EAST Riding of Yorkshire Council has agreed to freeze council tax for the third year running.
At a full meeting last Thursday, the council set its budget for 2013-14 which freezes council tax, does not involve a reduction in any public facilities run by the council and continues its annual spending of £22 million within the voluntary and community sector.
The budget also achieves savings of £24 million in line with the need to further reduce spending as a result of on-going reductions in Government funding, which accounts for around two thirds of all the money available to the council.
Councillors rejected a late motion by the council’s Labour group, who proposed increasing Council Tax by 1.9% - increasing resources by £1.823 million - to help protect council tax benefit.
Councillor Stephen Parnaby OBE, leader of the council, said: “This council like others has faced large cuts in government grant which looks set to continue in future years and this presents a big challenge especially as the East Riding starts from a low funding base with funding that is well below the average for similar councils.
“However we have planned ahead with a strong financial strategy that is achieving substantial cumulative savings while protecting the essential services on which East Riding residents – including vulnerable children and adults – depend.”
“Residents have identified highways maintenance as a top priority and I am pleased to confirm that the council will find the funding, as we have consistently done in recent years, to repair damaged roads which have taken another battering this winter.
“More good news is the council’s decision today to continue for another year the £200,000 grant fund for town and parish councils.
“This has proved popular and achieved some excellent outcomes – for example in enabling parishes to buy equipment to help deal with severe winter weather in their areas.”
Coun Pat O’Neil, leader of the council’s Labour group, said that an increase in tax would have allowed the council to be able to fund Crisis loans and Community Care Grants as required, not up to a cash limit.
The Labour group said that the move could also reverse the 25% reduction in Council Tax Benefits.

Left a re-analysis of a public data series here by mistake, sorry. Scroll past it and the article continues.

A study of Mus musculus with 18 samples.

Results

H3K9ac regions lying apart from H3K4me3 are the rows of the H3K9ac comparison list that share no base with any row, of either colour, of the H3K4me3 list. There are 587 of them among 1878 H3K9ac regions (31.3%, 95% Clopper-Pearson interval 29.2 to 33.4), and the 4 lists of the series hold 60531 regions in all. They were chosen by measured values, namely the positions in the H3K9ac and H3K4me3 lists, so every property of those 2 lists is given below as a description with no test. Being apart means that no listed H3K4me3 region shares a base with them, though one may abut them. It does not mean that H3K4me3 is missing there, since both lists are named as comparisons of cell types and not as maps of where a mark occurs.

Coun O’Neil said: “By not supporting the Labour Group budget the Council has missed the chance to help the working poor and disabled in our community.”
The decision to freeze tax means that a Band A household in Bridlington will pay £808.13 for services provided by the council. A band D property will pay £1,212.20 from April.
The council faces a projected funding reduction of £47.3 million over the period 2010/11 to 2016/17. The Government’s grant to the council for 2013/14 has been reduced by £11.3 million or 8.1%.
Savings achieved by the council over the last three years total some £47 million but further large savings will still be needed in future years as government cutbacks to its funding for local government are anticipated to continue until at least 2017/18.
Councils choosing to freeze their council tax are receiving additional Government funding equivalent to a one% increase in council tax which for the East Riding is £1.452 million.
The agreed budget will continue investment in the East Riding’s infrastructure through the separately funded capital programme.
Around £89 million will be invested in this way in 2013/14 with a similar sum earmarked for the year after to help support local contractors and maintain jobs.
The final council tax resolution is scheduled to be approved at the Council meeting on Wednesday February 20 when details of the separate precepts for Humberside Fire and Rescue Service and from the Police and Crime Commissioner are known.